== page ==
Posted by: Chris Palmeri on July 30, 2008


President Bush signed the big housing bill today. He didn’t love it and put his signature on it privately rather than in a big press event in the Rose Garden. There isn’t even a mention of the bill, the largest housing initiative since the Great Depresssion, on the White House’s official Web site.

There’s something in here for just about everyone, which is why the President didn’t like it. Here are some details you may have missed in all the coverage, courtesy of the California Association of Realtors:

The law will help an estimated 400,000 homeowners facing foreclosure by allowing them to refinance their current mortgages with a Federal Housing Administration (FHA)-backed loan.

The bill lifts Fannie Mae and Freddie Mac loan limits to the greater of either $417,000 or 115% of an area’s median home price, up to $625,500. That’s a big help to homeowners in high cost markets.

There’s a first-time home buyer tax credit, which gives first-time buyers a tax refund worth up to 10% of a home’s purchase price, up to a maximum of $7,500. The refund is actually an interest-free loan and the homeowner is required to repay it in equal installments over 15 years.

There are now minimum requirements for mortgage brokers including fingerprinting of loan originators and a nationwide licensing and registration system.

The legislation cracked down on “nonprofits” that were allowing buyers to qualify for FHA loans with no money down by transferring funds from the home seller to the buyer to use as a down payment. Buyers can still accept down payment assistance from family, employers and other nonprofits.

The Community Development Block Grant Programs provides $4 billion for communities to purchase and refurbish foreclosed homes.

Reader Comments

Rational expectations

July 30, 2008 4:11 PM

"The bill lifts Fannie Mae and Freddie Mac loan limits to the greater of either $417,000 or 115% of an area’s median home price, up to $625,500. That’s a big help to homeowners in high cost markets."

Um, no. The current threshold is 729k or 125%. This means that in many high-priced areas, homes could be financed this year with loans of up to $700,000. Median prices have fallen much faster than the price for expensive homes. This means that in many expensive areas, it will be extremely difficult to get a mortgage next year.

The June median existing home sales price in California (according to CAR) is $368,250. 115% of this is $423,487. But the median in North County San Diego is $490,000. This means that almost half the houses sold would be too expensive to finance through GSE loans, unless someone brings lots of cash to the table. In short, there will be tremendous downward pressure on prices in high-price areas.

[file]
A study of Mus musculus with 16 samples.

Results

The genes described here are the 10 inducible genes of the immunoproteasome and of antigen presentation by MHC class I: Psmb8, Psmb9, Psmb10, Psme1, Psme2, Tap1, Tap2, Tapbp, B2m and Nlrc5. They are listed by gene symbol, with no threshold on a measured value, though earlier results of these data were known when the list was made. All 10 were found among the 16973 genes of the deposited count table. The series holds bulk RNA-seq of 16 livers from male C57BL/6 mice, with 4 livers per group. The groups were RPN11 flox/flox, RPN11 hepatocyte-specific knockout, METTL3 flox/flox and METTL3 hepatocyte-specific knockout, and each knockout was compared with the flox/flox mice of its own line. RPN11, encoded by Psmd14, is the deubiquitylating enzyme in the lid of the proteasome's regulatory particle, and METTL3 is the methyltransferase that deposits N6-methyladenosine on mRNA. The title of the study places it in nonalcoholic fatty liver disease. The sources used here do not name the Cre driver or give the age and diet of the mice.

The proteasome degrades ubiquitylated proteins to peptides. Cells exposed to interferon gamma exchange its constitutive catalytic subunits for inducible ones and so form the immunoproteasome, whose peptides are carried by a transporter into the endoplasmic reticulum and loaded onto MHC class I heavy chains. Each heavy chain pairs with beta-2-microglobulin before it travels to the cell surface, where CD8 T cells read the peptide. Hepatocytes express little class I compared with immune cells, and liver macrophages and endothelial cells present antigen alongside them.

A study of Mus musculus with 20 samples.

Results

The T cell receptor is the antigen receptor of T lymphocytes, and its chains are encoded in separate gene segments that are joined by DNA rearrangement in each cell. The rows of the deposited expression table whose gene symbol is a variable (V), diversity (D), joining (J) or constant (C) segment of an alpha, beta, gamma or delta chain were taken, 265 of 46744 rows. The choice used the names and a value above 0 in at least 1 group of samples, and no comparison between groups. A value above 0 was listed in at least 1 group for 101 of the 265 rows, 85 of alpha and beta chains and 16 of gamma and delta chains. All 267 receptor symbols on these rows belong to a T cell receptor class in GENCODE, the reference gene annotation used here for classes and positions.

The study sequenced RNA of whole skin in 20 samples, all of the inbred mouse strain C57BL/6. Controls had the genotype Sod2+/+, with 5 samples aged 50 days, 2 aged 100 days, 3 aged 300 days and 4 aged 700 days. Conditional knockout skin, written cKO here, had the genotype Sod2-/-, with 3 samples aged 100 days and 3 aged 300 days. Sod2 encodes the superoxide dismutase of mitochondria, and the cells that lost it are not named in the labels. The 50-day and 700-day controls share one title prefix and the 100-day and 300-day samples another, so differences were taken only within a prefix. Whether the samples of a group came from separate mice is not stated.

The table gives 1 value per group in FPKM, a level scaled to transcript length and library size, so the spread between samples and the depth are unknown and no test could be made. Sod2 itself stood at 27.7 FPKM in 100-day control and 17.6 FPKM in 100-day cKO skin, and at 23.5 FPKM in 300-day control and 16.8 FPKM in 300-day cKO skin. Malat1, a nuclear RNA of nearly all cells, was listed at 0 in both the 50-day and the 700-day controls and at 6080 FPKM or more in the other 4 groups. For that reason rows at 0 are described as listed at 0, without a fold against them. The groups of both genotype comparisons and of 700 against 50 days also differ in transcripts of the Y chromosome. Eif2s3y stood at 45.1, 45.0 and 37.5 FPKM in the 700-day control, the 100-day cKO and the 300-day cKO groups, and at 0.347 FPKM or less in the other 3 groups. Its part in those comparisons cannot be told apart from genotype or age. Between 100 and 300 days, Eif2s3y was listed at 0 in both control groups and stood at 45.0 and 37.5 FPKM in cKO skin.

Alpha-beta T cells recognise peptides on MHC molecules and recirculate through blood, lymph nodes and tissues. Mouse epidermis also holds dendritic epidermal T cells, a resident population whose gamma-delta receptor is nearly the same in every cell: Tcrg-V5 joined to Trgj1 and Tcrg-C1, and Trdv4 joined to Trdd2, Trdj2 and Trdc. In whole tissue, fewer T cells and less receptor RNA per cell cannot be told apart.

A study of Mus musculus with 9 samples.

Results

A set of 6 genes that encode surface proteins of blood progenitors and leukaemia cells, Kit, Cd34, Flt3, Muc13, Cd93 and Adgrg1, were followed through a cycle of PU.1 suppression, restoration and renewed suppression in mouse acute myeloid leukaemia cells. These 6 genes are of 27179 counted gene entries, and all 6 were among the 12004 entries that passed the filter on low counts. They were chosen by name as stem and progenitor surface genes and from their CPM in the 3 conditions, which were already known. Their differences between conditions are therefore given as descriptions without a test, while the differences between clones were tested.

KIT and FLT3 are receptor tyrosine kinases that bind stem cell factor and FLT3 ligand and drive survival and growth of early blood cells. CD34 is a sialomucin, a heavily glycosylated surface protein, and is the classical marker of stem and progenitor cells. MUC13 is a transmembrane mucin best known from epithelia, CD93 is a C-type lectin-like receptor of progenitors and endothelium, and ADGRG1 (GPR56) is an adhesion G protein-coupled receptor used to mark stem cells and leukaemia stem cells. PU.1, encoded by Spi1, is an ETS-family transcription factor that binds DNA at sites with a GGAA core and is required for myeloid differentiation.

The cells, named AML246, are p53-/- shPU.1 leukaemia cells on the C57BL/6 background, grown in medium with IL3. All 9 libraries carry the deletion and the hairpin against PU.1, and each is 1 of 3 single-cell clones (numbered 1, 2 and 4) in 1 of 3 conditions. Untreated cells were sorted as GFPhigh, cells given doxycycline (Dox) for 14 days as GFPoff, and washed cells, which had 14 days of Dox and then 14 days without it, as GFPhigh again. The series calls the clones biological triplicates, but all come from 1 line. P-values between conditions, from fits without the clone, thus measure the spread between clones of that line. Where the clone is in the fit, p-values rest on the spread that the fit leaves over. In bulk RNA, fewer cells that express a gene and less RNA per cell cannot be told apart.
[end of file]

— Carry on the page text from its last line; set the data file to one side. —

Jim D

July 30, 2008 6:46 PM

The same group (the OMB) that estimated that 400,000 homeowners would receive help, also estimated that 120,000 homeowners would still lose their homes despite that help, costing the taxpayers billions and helping only 280k homeowners keep their overpriced McMansions. It would be nice if the press mentioned this while mentioning the 400k helped. A 30% failure rate for help isn't anything to brag about.

This is a bill to help banks, not homeowners. You can tell, because banks are the ones getting the checks, and they are the ones who get to pick which homeowners get this dubious help.

If this was actually a plan to help homeowners, either the government or the homeowners themselves would get to pick who got "helped".

The first time buyer government loan (it's not really a tax credit if you have to pay it back) has an income restriction that you didn't note.

Lastly, at a time when Fannie and Freddie teeter on the brink of insolvency, do you really think now is the time to increase their risk exposure via larger loans?


July 31, 2008 4:51 AM

With regard to the passage of the Housing Bailout Bill, I just want thank you Mr. Honorable President for saving my gluteous in these very difficult times for our great nation whose kind, generous, and merciful people not only bailed out BearnStearn, IndyMac, and other free enterprising banks, but also help flippers like me, other friendly appraisers, generous mortgage lenders and real estate agents/brokers. In this new world order of Global economy, NAFTA, and free-markets, the average middle class working-stiff have resoundingly answered YES to the famous question, "Are you better off today?" While 90% of this nation's wealth is controlled by 10% of its people, it is comforting to know that 95% of the congressmen are multi-millionaires who represent us working-stiffs. Those numbers are better than the Roman Senate before it collapsed in its final days. Mr. Honorable President, I respectfully request you sign a bill granting free money to all senior citizen whose savings have been wipe-out by the high inflation in gasoline, grocery, utility, rent, insurance and health care. If taxpayers can give Big Oil millions in oil-depletion allowances and other money incentives; subsidize milk and corn; free loans to Big Wall Street banks; surely it can pay themselves some of the same loot. On behalf of the American people, I thank the Republican and Democratic politicians.